Mustelidae

Many people mistake domestic ferrets or certain weasels for black-footed ferrets. Below are photos and descriptions to help differentiate black-footed ferrets from similar species.

  • Credit: I. Gucci Jones

Domestic Ferret

Mustela putorius fuo

Commonly sold in pet stores across the United States and other countries, this ferret is descended from the European polecat. They are generally friendly animals that can make good pets. Domestic ferrets tend to be slightly larger than black-footed ferrets. They are found in a variety of colors, from albino to dark sable, but lack the solid black mask, feet, and tip of tail. Instead, they tend to have grey or brown masks and feet. Domestic ferrets also have longer fur than black-footed ferrets.

  • Copyright Anthony Brewer, Daily Animals

European Polecat

Mustela putorius

This polecat is very similar in appearance to the domestic ferret, but does not have as much variation in color. They are usually dark sable with a dark brown mask. They are native to Europe and the northern part of Morocco, although absent from Ireland. There are many subspecies of the European polecat.

  • D. Biggins/USFWS

Siberian Polecat or Steppe Polecat

Mustela eversmanii

The Siberian polecat is the closest genetic relative of the black-footed ferret. They closely resemble the European polecat, but tend to be a little lighter in color. They inhabit the steppes and sub-deserts of Eastern Europe, republics of the former USSR, Mongolia and parts of China.

  • Copyright James Rumley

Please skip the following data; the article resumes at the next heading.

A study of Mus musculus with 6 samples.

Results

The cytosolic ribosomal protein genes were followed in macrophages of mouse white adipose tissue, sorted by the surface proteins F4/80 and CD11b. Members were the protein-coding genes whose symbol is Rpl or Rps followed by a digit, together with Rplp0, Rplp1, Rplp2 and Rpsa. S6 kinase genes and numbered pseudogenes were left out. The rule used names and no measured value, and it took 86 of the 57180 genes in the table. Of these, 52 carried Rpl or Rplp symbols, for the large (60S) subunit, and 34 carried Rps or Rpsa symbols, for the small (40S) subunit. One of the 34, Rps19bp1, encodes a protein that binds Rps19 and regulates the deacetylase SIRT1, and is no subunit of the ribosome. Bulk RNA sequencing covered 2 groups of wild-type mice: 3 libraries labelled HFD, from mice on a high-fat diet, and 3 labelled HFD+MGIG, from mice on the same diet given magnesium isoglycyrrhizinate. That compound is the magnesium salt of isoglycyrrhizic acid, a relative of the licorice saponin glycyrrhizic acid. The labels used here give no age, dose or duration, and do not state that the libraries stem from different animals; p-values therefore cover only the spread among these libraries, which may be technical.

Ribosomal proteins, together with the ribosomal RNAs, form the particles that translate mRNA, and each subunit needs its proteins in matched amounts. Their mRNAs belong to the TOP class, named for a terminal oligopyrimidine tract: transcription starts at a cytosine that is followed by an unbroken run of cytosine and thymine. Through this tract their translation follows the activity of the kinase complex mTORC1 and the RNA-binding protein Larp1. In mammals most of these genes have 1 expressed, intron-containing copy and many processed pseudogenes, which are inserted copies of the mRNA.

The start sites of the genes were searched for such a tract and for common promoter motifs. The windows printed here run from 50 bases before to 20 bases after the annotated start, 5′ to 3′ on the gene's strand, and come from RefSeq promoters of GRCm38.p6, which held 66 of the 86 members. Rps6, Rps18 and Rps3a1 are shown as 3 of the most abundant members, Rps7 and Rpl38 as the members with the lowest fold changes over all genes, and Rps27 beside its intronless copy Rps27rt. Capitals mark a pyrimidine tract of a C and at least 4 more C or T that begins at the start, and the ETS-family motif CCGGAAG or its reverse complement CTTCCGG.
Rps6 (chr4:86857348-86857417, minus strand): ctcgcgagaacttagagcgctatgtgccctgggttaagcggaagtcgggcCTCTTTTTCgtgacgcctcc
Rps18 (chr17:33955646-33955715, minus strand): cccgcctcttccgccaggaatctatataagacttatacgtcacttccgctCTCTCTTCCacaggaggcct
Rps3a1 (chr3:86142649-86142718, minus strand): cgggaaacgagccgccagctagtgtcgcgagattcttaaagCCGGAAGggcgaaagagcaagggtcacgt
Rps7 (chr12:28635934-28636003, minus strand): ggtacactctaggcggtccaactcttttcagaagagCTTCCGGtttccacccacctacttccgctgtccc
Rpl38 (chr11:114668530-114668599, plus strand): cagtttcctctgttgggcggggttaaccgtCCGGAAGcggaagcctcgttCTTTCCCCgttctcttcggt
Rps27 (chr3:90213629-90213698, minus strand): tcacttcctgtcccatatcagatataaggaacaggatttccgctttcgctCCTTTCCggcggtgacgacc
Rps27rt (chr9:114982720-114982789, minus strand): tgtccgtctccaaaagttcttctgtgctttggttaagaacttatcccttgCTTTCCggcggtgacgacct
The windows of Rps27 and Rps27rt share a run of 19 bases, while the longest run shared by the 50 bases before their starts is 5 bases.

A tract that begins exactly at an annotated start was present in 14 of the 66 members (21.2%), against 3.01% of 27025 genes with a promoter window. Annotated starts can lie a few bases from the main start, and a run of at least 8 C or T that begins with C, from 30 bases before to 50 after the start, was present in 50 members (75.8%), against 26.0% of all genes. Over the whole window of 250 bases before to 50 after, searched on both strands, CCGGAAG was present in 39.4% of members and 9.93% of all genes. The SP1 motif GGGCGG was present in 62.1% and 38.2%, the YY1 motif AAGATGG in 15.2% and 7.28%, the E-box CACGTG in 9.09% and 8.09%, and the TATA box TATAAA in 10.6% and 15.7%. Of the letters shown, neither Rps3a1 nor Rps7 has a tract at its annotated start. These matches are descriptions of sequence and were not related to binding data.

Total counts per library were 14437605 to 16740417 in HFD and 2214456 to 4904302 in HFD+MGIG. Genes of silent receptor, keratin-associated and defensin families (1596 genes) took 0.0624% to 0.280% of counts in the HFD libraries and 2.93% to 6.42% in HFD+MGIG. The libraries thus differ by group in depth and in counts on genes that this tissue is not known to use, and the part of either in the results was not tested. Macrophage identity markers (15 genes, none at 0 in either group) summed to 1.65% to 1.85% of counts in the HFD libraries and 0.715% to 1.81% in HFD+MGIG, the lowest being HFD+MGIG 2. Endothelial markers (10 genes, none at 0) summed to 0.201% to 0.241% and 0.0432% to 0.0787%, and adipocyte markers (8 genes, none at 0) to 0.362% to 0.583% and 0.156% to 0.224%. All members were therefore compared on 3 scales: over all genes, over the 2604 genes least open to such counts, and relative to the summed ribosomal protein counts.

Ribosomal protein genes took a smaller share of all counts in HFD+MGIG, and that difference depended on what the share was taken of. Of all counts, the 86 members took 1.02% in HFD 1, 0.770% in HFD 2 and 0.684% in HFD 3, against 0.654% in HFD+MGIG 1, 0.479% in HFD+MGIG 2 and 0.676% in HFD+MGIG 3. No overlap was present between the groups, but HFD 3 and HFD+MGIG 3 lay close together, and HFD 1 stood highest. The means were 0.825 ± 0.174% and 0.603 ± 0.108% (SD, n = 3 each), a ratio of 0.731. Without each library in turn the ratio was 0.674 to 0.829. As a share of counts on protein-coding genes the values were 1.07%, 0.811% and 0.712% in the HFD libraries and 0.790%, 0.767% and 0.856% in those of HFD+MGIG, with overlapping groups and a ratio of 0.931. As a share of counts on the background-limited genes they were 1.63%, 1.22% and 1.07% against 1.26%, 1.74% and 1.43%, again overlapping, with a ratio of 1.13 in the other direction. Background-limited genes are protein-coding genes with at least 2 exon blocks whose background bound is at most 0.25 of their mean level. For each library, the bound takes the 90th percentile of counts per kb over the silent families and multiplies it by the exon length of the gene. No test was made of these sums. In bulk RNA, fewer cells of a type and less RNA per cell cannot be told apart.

Bridled Weasel or Long-Tailed Weasel

Mustela frenata

The bridled weasel is smaller in size than the black-footed ferret. They have brown fur on the upper part of their bodies, and white to yellow fur on the undersides. Like black-footed ferrets, they have black-tipped tails, but they lack the black feet and solid black mask. Some variations can have a white mask, or no mask and a mostly black face. In the northern parts of their range, they turn white in the winter. Bridled weasels inhabit forests, thickets, and farmland throughout the United States except parts of southeast California, Nevada and Arizona. They are also found in Canada, Mexico and South America.

  • Copyright Larry Dears

Ermine, Stoat or Short-tailed Weasel

Mustela erminea

The ermine is very similar in appearance to the bridled weasel, but it is slightly smaller with a shorter tail. They also turn white in winter. Ermines are found across the northern half of the United States, throughout Canada, Alaska and Greenland, and in Eurasia. They inhabit mostly forests and farmlands.

  • Copyright Steve Proctor

American Mink

Neovison vison, formerly Mustela vison

Mink are about the same size as black-footed ferrets. They are a solid dark brown color with no mask, black-tipped tail, or black feet. Some have white chins and muzzles. Mink inhabit wetlands, freshwater swamps, riverbanks and shorelines across most of Canada and the United States, except the desert southwest and the northern tundra.

  • Copyright Lev Frid

American Marten or Pine Marten

Martes americana

The American marten is much larger than the black-footed ferret. They are arboreal animals (live mainly in trees). They have thick, brown fur with a yellow to orange chest and throat. They also have bushy tails. Martens inhabit forested and mountainous areas. They are found throughout Canada and Alaska, and in parts of the United States including the Rocky Mountains, Great Lakes region and New England.